Threat Intelligence: The Human Element of Cybersecurity
In today’s cyber world, full of uncertainty and constantly evolving threats and data obligations, have you ever wondered, “how can my organization protect itself against the unknown?” The quick answer to that question is threat intelligence, the human element that leverages cyber intuition and honed investigation skills to pre-empt attacks. Threat intelligence is actionable, timely, and provides context to threats. Let’s delve into the details and better understand all that threat intelligence has to offer the industry.
What is Threat Intelligence?
Threat intelligence gathers multi-source, raw, curated data about existing threat actors and their tactics, techniques, and procedures (TTPs). This cyber modus operandi helps analysts understand the tactics used by adversaries and identify signs or signals of their unauthorized presence in a target environment. In fact, it helps cyber analysts identify likely future targets by understanding their motivation, transferrable phishing campaigns, and other tools that could be applied from one target to another. For example, a campaign that uses stolen lawsuit information to target law firms could be modified to target healthcare organizations by using stolen malpractice litigation documents.
This knowledge and understanding of the adversary can prevent future attacks by helping organizations to develop defenses based on likely attack scenarios. In essence, threat intelligence is a way to proactively defend your organization and remain a few steps ahead of cybercriminals. It’s not a crystal ball, but it could be a money ball approach to cybersecurity.
Threat intelligence professionals threat hunt by proactively searching for suspicious activity indicating malicious or network compromise. It is often a manual process backed by automated searches and existing collected network data correlation. Other prevention and detection methods can only detect known and categorized threats. Below are some requirements for a threat hunting tool:
Practical Threat Hunting Tool Requirements:
- Data from multiple sources (endpoint logs, endpoint protection product logs, and firewall events).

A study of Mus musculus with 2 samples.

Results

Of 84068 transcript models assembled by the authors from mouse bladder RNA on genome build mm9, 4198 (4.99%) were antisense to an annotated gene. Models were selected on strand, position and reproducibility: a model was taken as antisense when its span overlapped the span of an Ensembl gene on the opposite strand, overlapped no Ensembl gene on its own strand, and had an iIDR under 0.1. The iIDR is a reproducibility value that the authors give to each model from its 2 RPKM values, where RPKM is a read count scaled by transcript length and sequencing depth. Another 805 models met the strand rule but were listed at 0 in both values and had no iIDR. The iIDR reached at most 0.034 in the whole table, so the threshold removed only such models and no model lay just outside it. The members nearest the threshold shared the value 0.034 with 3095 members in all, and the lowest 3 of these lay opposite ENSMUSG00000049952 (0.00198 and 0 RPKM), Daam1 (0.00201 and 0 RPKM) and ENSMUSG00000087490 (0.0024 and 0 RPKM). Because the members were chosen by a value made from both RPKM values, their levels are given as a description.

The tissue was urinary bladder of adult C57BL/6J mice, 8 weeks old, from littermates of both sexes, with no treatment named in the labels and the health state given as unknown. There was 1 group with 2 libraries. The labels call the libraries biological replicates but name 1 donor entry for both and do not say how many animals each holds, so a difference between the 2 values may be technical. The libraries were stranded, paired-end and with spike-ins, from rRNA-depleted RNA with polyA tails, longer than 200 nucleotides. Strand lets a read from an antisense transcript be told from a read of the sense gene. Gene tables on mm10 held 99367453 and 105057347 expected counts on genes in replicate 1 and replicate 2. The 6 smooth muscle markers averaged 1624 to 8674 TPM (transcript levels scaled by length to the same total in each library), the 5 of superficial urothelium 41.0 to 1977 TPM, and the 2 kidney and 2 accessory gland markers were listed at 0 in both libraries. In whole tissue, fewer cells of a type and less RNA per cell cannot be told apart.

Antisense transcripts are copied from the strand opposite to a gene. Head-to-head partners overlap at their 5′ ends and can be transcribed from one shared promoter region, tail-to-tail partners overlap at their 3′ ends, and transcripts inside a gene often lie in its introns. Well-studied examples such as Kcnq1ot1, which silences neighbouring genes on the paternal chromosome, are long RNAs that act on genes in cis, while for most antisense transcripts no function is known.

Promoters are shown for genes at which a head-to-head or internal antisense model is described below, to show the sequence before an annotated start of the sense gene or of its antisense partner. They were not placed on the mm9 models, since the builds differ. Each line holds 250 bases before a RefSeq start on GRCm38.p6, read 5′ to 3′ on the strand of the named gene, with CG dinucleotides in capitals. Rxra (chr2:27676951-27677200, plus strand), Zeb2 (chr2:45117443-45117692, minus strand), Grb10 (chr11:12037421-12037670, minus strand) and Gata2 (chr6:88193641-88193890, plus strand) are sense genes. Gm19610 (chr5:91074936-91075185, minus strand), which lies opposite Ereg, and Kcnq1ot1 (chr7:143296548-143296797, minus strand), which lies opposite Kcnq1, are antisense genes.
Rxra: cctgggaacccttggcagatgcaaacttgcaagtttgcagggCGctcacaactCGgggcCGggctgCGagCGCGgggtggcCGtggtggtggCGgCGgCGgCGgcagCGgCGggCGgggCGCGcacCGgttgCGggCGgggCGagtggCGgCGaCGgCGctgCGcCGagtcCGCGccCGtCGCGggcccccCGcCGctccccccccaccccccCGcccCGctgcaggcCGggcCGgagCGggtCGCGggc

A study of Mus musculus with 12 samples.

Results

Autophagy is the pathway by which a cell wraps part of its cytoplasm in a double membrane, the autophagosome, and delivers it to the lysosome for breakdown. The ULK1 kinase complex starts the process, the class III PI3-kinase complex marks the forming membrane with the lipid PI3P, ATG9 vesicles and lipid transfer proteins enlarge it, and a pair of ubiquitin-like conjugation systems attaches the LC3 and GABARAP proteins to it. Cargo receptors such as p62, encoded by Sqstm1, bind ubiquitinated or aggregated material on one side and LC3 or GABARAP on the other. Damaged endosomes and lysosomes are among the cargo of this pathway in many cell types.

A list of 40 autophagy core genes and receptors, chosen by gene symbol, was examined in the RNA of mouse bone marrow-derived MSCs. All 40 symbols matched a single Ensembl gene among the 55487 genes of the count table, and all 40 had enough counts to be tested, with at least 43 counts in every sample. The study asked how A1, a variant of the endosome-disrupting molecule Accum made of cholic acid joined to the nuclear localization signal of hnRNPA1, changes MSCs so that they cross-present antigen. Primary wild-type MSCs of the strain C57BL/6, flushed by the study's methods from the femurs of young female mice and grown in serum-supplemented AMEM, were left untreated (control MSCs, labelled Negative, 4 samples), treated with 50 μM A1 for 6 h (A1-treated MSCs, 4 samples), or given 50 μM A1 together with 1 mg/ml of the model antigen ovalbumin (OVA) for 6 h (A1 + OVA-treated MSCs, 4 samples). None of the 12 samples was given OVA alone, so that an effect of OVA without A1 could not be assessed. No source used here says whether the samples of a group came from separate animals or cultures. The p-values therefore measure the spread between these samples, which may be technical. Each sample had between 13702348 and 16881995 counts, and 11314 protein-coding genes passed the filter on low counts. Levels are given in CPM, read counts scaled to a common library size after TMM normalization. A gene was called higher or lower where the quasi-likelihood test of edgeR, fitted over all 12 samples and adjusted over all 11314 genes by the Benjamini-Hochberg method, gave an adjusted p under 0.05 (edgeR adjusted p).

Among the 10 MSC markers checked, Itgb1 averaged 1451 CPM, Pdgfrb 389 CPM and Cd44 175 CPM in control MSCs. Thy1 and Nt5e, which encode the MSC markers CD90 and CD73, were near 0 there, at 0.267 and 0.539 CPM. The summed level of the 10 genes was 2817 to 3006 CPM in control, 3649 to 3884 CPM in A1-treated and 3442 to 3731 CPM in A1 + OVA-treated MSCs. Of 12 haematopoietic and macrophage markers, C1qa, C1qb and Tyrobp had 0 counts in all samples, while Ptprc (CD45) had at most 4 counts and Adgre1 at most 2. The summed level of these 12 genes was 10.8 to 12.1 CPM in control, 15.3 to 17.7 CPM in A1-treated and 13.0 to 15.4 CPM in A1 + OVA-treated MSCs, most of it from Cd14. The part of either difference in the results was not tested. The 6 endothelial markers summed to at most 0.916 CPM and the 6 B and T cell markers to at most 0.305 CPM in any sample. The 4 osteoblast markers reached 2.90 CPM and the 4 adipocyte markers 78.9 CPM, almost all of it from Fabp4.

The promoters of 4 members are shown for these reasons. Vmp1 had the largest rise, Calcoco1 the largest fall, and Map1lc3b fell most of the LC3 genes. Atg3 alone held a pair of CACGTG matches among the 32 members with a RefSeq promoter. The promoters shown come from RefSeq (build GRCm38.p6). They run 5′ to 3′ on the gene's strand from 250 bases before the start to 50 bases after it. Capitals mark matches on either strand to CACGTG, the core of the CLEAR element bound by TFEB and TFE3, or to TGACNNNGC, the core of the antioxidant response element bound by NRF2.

- Ability to tie attacker tools, techniques, and procedures to The Adversarial Tactics, Techniques, and Common Knowledge (ATT&CK) mappings and Common Vulnerabilities and Exposures (CVE).
- Ability to import data and intelligence from community sources.
- Integration into an organization’s existing alerting environment.
Proactive threat hunting quickly establishes itself as a critical pillar in security strategies and ensures situational awareness that other methods do not offer. This approach requires the expertise of cybersecurity professionals who can draw from the knowledge of a system’s specific functionality and connectivity. In addition, they understand the attacker’s tactics, techniques, and procedures (TTPs) and capabilities to expose potential attacks and compromises. For additional context, below are a few threat intelligence challenges and benefits:
Threat Intelligence Challenges
- Requires a high level of expertise
- Requires insights into network assets beyond endpoint or single source of data
- A birds-eye-view of operations is necessary to understand behavior
Threat Intelligence Benefits
- Reduces overall business risk
- It prevents future attacks and financial loss
- Ramps up your IT landscape
- Attracts more talent and customers
- Creates staff efficiency
Who Should Invest in Threat Intelligence?
Threat intelligence adds value across security functions for companies of all sizes. When threat intelligence is integrated into an organization’s IT team, it can assist with adequately prioritizing and helping with incoming threats. Threat intelligence provides external insights and context when accurately prioritizing essential vulnerabilities. It also provides context around threat actors’ TTPs. Fraud protection, risk analysis, and high-level security processes become enriched by understanding threat intelligence’s high-level security knowledge.
Proactive threat intelligence and hunting require 24/7 continuous scanning, which is typically a challenge for organizations that struggle to source the right talent or have a low budget. A standard cost-effective solution can be to outsource the skill and expertise needed.
Move Beyond Automation: Take Charge
In today’s world, adding threat intelligence to your cybersecurity strategy is no longer a luxury; it is a necessity. It’s said to be the way of the future for detecting and responding to advanced threats. Threat intelligence assists with lowering cybercrime and data breach costs. There is a significant cybersecurity transformation, and organizations can’t be waiting around to be attacked anymore. The key is adding elements that strengthen your organization for battle— the human element within threat intelligence. Taking charge is more than a suggestion; it’s a critical move that, if not made correctly, will result in irreversible damages to pay.